Six Key Drivers Shaping the Manufacturing Supply Chain


Manufacturing Factory Plant ManA recent study by Simon Ellis of IDC Manufacturing Insights takes an in-depth look at the future of the manufacturing supply chain. Manufacturing supply chains have experienced dramatic change since the end of the global recession at the outset of the decade, and IDC points to key factors that influence their current evolution:

  •  Consumer/customer-centric focus. Supply chains are much more aware of the consumer/customer than ever before. Therefore, central to discussions of strategy and competency are questions of how to personalize products, manage "mass customization" from facilities that are not well suited for that purpose, ensure the highest level of product quality from increasingly distributed global supply networks, and provide consistently high levels of customer service.
  • Demand awareness. While there has been a decades-long discourse on the relative merits of being "demand driven," there is little question that supply chain organizations can benefit from greater visibility into the cadence of demand. While some businesses will never use demand signals to inform factory-run strategies, the ability to better manage service performance and late-stage assembly/postponement through enhanced insight into demand patterns and more accurate supply chain forecasts is apparent.
  • Resiliency. It is increasingly critical for manufacturing supply chains that operate in an environment characterized by volatile demand and complex supply to have the ability to respond quickly to unforeseen events. There is no such thing as a perfect forecast or plan, so the ability of the supply chain to rapidly compensate for variations in expectations becomes important in meeting service obligations.
  • Data-driven. Repurposing the old saying that "you cannot improve what you don't measure" into "you cannot respond to what you don't see" speaks volumes for the many manufacturers that are wrestling with massive, and constantly growing, amounts of data. The need for supply chain organizations to broaden their intelligence is paramount, as it is increasingly unacceptable to "not know,” particularly when consumers are more empowered with ubiquitous visibility.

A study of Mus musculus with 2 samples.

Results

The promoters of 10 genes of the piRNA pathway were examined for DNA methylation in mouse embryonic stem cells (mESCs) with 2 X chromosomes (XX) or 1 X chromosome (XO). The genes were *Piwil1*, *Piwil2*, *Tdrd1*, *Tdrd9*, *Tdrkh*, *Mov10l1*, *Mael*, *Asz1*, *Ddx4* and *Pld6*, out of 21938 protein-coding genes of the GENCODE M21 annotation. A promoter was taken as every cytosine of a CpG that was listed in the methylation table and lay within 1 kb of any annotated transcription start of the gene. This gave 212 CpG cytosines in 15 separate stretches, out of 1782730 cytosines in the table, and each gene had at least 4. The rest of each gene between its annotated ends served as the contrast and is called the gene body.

• “Always on.” This is more an overall business requirement, but one that clearly impacts the supply chain and fulfillment/customer service in particular. The world is moving to a 24x7x365 mentality, with expectations for around-the-clock shipment and customer and consumer service support. Just as the third-party logistics community has moved essentially to an "always on" approach, the logistics and fulfillment functions within the consumer products manufacturer will do the same, essentially adopting a continuous logistics operations and supply chain model.
  • Digitally executed. Whether adopting modern document management processes and technologies, mobile tools, demand signal repositories, or emerging technologies such as 3-D printing, the world is going digital and the supply chain is not to be spared.

While these factors are not exhaustive, they are key drivers of both the present and future supply chain. Implicit in them all is the use of new technologies, leading to a next-generation supply chain that is networked, mobile, and collaborative. The resultant value chain is what IDC calls a “three Ds value chain”: demand oriented, data driven and digitally executed.

For a more detailed discussion of this topic, you can download the white paper here.